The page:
PAX East 2016: Virtual Reality is Here!

Colin McMahon
Apr 26, 2016


The Penny Arcade Expo (PAX) East was held on April 22-24 in Boston, and has been growing since its inception in 2010. Initially solely focused on video gaming, the conference has expanded to include other new technologies. Virtual reality (VR) has been at PAX for at least the past three years, but always with a disclaimer: “VR is coming.” This year, the message had changed: VR is here.

Consumer models of the Oculus Rift and HTC Vive were released earlier in the year, meaning that, for the first time, major VR platforms are available to the public. Previously, only minor or limited VR interfaces (Google Cardboard and Samsung Gear) were available. While these devices are less expensive, they are essentially a pair of lenses and housing to hold a smartphone. Today’s smartphones are considerably less powerful (in terms of graphical projection ability) and have limited-to-no control scheme when mounted in these headsets. With the release of the major platforms, VR is no longer a pipedream.

One panel at PAX, titled “Alienware, Oculus, & Epic Games: The Driving Forces Behind VR” highlighted the coming impact of VR. Those dismissing it as simply an advancement in gaming technology do so at their own peril. “This is a new medium,” said one representative from Oculus. “There is far more we don’t know about VR than what we do know.” These sentiments were echoed by the other two speakers at the panel.

Epic Games created Unreal Engine 4 (UV4), which, until VR, was used solely by the video game industry. During the panel, Joe Kreiner, Americas Engine Licensing, Epic Games, highlighted the new clients that VR was bringing to the table. “We announced a couple of weeks ago that BMW is using UV4 to visualize all their cars. Telsa is using UV4. There’s just a breadth of application… so we’re really in a growth period.”

Other verticals that were highlighted included medical application (Google Cardboard has already been used to enhance surgery; Vivid Vision has the potential power to correct lazy eye) and real estate (realtors are creating VR representations of property to showcase a wide range of variables to prospective clients). VR is also being explored in mental health therapy, primarily for patients recovering from PTSD and other phobias. That being said, there is potential to go far beyond even that.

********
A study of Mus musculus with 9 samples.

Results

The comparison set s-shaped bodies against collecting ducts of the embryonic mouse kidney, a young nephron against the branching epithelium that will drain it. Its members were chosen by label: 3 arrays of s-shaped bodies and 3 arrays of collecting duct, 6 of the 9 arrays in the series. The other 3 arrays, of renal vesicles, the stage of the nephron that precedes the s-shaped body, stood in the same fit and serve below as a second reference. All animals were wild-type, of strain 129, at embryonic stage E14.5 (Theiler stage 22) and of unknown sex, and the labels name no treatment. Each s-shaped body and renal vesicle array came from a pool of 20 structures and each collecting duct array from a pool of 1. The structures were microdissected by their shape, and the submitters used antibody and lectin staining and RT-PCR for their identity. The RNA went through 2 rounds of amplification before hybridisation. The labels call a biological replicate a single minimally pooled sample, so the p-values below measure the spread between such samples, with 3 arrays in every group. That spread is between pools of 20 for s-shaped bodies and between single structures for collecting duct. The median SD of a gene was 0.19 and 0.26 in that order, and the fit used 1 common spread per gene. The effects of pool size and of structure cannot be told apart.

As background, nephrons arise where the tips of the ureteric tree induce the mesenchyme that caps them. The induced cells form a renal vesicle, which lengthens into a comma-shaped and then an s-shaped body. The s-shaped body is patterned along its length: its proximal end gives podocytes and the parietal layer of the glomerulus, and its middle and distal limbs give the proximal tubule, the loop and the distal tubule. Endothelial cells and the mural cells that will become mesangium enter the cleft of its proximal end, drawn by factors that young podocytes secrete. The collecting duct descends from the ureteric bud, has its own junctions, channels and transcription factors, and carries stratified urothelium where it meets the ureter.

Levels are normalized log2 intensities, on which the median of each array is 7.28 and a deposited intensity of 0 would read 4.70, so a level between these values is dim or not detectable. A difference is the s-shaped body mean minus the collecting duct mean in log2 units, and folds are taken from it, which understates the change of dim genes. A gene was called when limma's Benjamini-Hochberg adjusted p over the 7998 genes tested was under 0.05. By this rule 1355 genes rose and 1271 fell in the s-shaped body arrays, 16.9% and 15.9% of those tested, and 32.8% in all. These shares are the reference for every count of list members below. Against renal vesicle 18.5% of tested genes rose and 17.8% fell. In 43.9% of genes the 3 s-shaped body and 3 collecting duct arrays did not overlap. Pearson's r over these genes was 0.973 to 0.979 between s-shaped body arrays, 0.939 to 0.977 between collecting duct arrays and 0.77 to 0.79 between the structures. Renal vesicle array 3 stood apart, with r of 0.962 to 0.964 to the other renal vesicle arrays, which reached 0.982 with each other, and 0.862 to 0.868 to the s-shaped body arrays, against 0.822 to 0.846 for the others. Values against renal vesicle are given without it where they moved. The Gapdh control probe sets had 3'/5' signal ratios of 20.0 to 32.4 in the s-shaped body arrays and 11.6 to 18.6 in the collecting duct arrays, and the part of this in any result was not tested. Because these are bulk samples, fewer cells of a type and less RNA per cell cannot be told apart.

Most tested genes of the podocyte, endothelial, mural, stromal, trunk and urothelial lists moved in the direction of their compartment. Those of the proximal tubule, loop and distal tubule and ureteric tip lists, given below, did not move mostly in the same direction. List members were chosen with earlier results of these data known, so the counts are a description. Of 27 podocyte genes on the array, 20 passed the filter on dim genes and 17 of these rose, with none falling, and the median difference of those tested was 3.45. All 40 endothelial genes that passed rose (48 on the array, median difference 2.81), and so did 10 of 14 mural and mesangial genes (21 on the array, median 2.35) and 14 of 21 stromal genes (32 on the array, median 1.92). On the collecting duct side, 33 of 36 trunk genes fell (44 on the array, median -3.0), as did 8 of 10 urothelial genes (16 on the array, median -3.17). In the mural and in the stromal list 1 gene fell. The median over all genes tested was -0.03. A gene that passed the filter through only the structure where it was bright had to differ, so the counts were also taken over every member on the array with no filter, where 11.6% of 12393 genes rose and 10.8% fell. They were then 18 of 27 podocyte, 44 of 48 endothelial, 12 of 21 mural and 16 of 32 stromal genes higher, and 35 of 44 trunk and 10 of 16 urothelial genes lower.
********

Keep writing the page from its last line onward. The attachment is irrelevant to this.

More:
Robin Arnott (far left) discusses how SoundSelf transports the user to world created purely by sound. Aaron Lemke (middle) and Anthony Carboni (right) also spoke.

Robin Arnott (left) discusses how SoundSelf transports the user to a world created purely by the user’s own voice.

Robin Arnott, creator of SoundSelf, and Aaron Lemke, Developer and Musician – Unello Design, Chief Creative Officer – The Wave, Unello Design, spoke about how VR could be used to influence thought on a subconscious level. Arnott, who uses his program to promote meditation through creating abstract reality, highlighted the danger of suggestion. He stressed that, while the consumer is under complete VR influence (the headset and earphones), it would be incredibly easy to subtly interject foreign ideas into the user’s deeper conscious mind through undetectable audio.

While VR has arrived, the industry is still in its infancy. Barriers exist that will slow VR adaptation in the short term. The two greatest barriers are expense and space. Frank Azor, General Manager and co-founder, Alienware, subtly indicated VR’s expense through a raffle. The raffle was for an Oculus Rift headset and an Alienware PC, capable of handling VR’s processing requirements. The value of this package totaled over $2,000, showing that VR is still above most spending limits in the consumer market. This, however, primarily reflects PC costs, as the Oculus Rift CV1 is priced at $599.

Space is the other notable restraint, but likely the one to be fixed first. Most people live in apartments, areas with little open space. Any VR experience that requires movement will quickly – and literally – hit obstacles as consumers stumble around blind. Detection software is already coming that will help Oculus and Vive know where the real walls are. Many VR experiences also do not require physical movement. The greatest factor that will aid in this, however, is that many VR developers are indie developers – people who will be developing within this limited space. Where there is a will, there is a way – and these developers will likely quickly have answers to the VR space detection problem.

InfoTrends Opinion

VR is here. While it is still too early to see mainstream integration, the train has left the station. Within the next five years, who knows how much VR will grow. It is worth noting that, for the third year in a row, every VR live demo had lines that wrapped the booths and stretched for hours. People are beyond excited to finally jump in.

A portion of the eternal line that fed into the Oculus Rift Booth.

A portion of the eternal line that fed into the Oculus Rift Booth.